The Health Benefits of Moustaches

Protection from cancer, lavish sexual prosperity, and engendering trust in one's fellow man -- "Let the young man, therefore, never become a slave to the false and pernicious fashion which compels him to shave off the beard."


If you listen, facial hair says a lot: Where someone's going, where they've been, what they ate. Do they maybe have something to hide, or are they perhaps lazy? Why don't you want me to see your face? Why won't you open yourself to me? Am I not good enough for you? Take me!

Sure, you can get scabies nesting in your moustache. There's no reason to dance around the scabies nesting issue. But we also have substantial evidence in favor of moustaches and beards.

If you or someone you know has been struggling to justify their facial hair choices, enduring coercive objections from friends, family, clergy; consider the following benefits to bolster the pro-stache position.

1. Decrease risk of cancer 

Covering one's face with a beard or moustache decreases effective ultraviolet radiation to the underlying skin, which lowers the risk of skin cancer. Depending on the angle of the sun (or whatever other radiation source you may be dealing with -- do you sleep with radon under your pillow? Face-down?) and depending on the length of the hair, the average moustache reduces exposure ratios to one-third.

Also, Movember implements moustaches in November as a means of emblematically raising awareness for prostate and testicular cancer.

2. Foster trust 

According to the Journal of Marketing Communications, men with beards in commercials elicited more trust in the product they were endorsing than did men without. Being genuinely trusted -- and allowing yourself to trust -- are the backbone of healthy relationships.

Of note, the beards in that study were all medium-length and nicely maintained. They were not the sort that warrant incessant scratching, which can quickly undermine one's trustworthiness. Nor were they braided, waxed, smelly, French-forked, ducktailed, chin-curtained, Worfed, or Super Mario-ed.


Facial symmetry has been repeatedly demonstrated as one of the primary criteria in human aesthetic attractiveness. It's ingrained in our instincts to be drawn to symmetric faces because, evolutionarily, facial symmetry was indicative of health. Beards and moustaches are a widely used method of disguising subtle facial asymmetry, thus increasing attractiveness.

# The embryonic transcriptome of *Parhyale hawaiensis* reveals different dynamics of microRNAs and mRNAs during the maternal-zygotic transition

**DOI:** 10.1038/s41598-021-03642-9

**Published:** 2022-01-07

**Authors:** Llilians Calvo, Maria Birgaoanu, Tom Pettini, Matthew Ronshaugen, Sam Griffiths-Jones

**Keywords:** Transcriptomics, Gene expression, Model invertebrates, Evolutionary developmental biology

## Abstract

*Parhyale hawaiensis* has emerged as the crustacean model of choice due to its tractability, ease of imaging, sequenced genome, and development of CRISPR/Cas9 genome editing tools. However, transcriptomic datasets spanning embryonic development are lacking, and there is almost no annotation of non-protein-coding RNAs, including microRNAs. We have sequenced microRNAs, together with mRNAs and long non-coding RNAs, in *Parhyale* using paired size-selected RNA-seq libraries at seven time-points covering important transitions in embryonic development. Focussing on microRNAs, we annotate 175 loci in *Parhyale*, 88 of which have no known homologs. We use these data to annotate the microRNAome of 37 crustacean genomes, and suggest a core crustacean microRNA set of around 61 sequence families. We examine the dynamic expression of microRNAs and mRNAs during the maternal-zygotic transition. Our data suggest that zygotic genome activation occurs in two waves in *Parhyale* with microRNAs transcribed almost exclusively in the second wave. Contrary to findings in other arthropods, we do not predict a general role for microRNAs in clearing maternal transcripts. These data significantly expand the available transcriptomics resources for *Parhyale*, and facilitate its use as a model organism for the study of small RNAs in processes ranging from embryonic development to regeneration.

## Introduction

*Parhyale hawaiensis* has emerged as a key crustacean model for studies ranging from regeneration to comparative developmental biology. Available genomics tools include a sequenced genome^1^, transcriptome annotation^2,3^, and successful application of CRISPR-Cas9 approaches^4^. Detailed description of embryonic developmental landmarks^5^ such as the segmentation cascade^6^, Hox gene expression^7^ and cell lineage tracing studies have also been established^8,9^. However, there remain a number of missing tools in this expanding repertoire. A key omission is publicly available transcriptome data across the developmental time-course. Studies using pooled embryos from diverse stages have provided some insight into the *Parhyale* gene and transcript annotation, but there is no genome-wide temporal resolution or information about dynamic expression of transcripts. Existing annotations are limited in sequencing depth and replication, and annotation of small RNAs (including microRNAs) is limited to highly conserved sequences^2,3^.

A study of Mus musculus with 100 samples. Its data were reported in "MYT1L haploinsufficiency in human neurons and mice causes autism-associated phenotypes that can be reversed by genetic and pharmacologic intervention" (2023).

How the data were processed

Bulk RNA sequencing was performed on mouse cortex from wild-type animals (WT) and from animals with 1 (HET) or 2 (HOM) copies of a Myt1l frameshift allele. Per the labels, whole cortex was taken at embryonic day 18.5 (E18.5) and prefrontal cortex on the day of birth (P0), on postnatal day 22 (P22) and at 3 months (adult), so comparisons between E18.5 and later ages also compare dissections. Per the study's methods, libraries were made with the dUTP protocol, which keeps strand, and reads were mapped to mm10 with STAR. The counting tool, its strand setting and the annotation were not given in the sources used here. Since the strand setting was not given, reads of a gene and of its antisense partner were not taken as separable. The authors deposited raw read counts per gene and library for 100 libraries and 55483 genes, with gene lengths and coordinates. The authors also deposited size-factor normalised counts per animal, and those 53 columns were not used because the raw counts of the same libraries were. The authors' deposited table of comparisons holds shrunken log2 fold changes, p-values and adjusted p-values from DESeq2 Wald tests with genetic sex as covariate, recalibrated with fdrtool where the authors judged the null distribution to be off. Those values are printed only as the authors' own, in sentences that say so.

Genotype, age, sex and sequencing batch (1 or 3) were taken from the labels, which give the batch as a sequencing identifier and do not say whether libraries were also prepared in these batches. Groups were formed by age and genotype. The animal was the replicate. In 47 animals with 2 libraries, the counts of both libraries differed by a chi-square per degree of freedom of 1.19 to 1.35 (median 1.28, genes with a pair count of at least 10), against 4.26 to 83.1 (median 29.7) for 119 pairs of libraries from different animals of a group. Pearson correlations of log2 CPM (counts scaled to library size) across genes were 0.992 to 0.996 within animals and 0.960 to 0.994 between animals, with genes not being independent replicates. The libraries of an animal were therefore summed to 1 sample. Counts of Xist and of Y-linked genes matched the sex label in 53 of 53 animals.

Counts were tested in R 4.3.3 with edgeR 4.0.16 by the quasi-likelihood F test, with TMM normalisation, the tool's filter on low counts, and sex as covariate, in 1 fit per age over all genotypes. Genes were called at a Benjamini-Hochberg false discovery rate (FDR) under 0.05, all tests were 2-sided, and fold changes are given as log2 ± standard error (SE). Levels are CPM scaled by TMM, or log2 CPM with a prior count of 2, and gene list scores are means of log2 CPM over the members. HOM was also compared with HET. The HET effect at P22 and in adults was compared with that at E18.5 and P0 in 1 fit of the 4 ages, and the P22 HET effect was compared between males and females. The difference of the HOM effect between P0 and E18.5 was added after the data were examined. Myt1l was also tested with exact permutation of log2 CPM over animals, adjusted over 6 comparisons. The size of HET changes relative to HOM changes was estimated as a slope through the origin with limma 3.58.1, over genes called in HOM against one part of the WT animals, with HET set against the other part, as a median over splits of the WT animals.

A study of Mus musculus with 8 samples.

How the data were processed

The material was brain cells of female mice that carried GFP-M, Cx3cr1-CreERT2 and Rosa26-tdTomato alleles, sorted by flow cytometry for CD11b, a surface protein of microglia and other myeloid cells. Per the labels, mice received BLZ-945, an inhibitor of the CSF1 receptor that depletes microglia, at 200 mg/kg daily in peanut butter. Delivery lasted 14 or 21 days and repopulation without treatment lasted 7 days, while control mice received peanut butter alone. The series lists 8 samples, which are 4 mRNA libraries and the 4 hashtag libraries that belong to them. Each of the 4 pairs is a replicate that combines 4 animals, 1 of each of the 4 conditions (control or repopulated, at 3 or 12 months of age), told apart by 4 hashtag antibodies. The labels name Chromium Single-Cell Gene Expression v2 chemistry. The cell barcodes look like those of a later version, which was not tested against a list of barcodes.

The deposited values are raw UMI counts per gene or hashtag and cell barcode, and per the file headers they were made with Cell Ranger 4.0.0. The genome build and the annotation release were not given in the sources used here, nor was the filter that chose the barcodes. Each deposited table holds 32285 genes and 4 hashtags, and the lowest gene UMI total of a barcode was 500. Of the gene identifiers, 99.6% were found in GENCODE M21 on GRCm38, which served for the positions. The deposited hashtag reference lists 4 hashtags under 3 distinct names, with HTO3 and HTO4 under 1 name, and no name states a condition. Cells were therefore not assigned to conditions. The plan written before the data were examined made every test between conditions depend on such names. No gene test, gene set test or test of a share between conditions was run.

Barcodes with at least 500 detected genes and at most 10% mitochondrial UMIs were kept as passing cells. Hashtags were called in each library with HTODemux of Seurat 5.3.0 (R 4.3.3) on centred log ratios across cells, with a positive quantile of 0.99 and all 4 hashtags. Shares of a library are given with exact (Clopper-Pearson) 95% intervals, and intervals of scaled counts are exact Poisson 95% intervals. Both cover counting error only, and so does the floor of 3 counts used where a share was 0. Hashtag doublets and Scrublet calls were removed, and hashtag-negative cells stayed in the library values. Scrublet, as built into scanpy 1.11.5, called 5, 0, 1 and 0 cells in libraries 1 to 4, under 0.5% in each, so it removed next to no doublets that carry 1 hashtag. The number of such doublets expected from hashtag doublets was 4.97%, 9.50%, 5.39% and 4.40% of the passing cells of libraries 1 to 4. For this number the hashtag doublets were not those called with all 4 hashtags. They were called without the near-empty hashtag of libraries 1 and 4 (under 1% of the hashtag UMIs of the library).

Prominent jawlines and chins are also proven to increase a man's attractivenss. Short of jaw and chin implants, facial hair can be used to create the overall appearance of a more prominent, squared jaw. Attractive people are, on the whole, more confident and earn more money, which buys them access to health care.

There's even Have Sex With a Guy With a Moustache Day, a correlate of Movember. The benefits of a healthy sex life (which, in most cases, is enhanced by increasing one's attractiveness), are numerous.

4. Decrease risk of cutting face, untimely death 

The less you shave, the less you cut your face. Without proper antibiotics, a shaving knick that becomes infected can easily kill a person. You can get septic and pass away in short order. Henry David Thoreau's brother John died that way, as did Lord Carnarvon, shortly after discovering the burial chamber of Tutankhamen in 1922.

5. Earn tax refunds 

A movement is afoot that - if adopted by Congress - would provide up to $250.00 in tax refunds for moustached Americans. They could then apply that money towards a gym membership or vital medication. You can sign the STACHE Act here.

6. Protect vocal apparatus / Appease vengeful God 

According to a poorly-contextualized but nonetheless provocative argument from someone calling him/herself Dr. Ruddock:

The beard and the moustache should be permitted to grow as they afford an excellent protection to the delicate organs of the voice of those in whom it is subjected to undue or irregular exercise. After a public address, the tissues in the vicinity of the throat become relaxed and on leaving the place of assembly and entering the open air, inflammatory action commences, and if repeated, chronic affections of the throat and bronchial tubes are often induced; but the unshorn natural respirator, which our Maker intended to be one of the distinguishing features of the male seed, effectively protects these important parts.

The hair planted on the human face by the wisdom and goodness of our Creator, has its uses, and we may add, its beauties. Let the young man, therefore, never become a slave to the false and pernicious fashion which compels him to shave off the beard, as it is found contributory to the health, if not the personal improvement, of those who wear it.

7. Eliminate boring conversations 

Presented by

James Hamblin, MD, is a senior editor at The Atlantic. He writes the health column for the monthly magazine and hosts the video series If Our Bodies Could Talk.